Sunoco Exiting C-Store Business, Launches Sales Process for Remaining C-Sores in North and West Texas, New Mexico and Oklahoma
April 6, 2017
Sunoco LP (NYSE: SUN) is getting out of the convenience store business. And that's good news for 7-Eleven.

The energy company agreed to sell a majority of its gas station/convenience stores to 7-Eleven Inc. for $3.31 billion in cash. 7-Eleven is owned by Tokyo-based Seven & i Holdings Co. Ltd.

The sale includes 1,108 convenience stores in 19 geographic regions, primarily located along the East Coast and in Texas, giving it entry into Houston for the first time.

The acquisition price was calculated based on the cash flow for each individual store and the price averages out to about $2.98 million/store.

As part of the transaction, SUN will enter into a 15-year take-or-pay fuel supply agreement with a 7-Eleven subsidiary, under which SUN will supply approximately 2.2 billion gallons of fuel annually.

By acquiring the bulk of SUN’s c-store and gasoline retail business, 7-Eleven will expand its store network while also improving profitability, according to a Seven & i filing.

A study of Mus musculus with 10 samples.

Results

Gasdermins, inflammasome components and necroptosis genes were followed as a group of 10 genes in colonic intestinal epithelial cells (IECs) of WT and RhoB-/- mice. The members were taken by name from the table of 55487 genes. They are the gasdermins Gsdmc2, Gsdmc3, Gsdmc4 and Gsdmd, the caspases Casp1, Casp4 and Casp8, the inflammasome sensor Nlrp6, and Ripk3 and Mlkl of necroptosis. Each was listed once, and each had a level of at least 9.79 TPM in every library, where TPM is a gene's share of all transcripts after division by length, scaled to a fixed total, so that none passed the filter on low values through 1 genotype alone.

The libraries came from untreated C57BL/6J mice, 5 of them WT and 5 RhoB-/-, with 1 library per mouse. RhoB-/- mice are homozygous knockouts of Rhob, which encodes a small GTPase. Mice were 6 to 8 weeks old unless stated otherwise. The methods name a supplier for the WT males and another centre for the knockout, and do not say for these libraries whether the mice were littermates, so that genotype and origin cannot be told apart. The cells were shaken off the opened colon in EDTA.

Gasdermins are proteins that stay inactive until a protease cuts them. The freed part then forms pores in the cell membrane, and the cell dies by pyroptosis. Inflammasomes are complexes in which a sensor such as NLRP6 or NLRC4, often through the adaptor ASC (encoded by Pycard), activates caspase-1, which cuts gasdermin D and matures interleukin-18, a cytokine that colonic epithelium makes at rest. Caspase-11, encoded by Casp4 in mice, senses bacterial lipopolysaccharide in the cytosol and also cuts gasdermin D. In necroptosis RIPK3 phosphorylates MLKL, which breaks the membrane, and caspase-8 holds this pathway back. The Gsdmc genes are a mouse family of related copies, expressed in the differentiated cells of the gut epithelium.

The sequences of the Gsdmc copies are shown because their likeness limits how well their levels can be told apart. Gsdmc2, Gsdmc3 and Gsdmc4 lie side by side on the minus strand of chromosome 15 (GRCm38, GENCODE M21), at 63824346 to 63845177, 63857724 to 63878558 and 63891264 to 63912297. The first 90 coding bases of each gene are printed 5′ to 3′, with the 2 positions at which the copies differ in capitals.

7-Eleven is aiming to achieve average daily merchandise sales per store of $5,000 and to operate 10,000 stores by the fiscal year ending Feb. 29, 2020. This deal with Sunoco puts it at 9,815 in the US and Canada.

Sunoco is still looking for a buyer to take another 200 convenience stores it owns in North and West Texas, New Mexico and Oklahoma. SUN has retained JP Morgan to market the properties, the same firm that advised in the 7-Eleven deal.

Even though Sunoco operated more than 400 more stores in 2016 than in 2015, revenue for the business declined from $8.27 billion in 2015 to $7.7 billion in 2016. Sunoco attributed the drop-off to lower gasoline prices and increased expenses from operating a larger chain.

Sunoco lost $27 million on its retail business last year after recording a profit of $172 million in 2015. The loss was attributed mainly to a $130 million interest payment due last year.

After getting regulatory clearances and meetiing customary closing conditions, the sale to 7-Eleven is expected to close by the fourth quarter of 2017.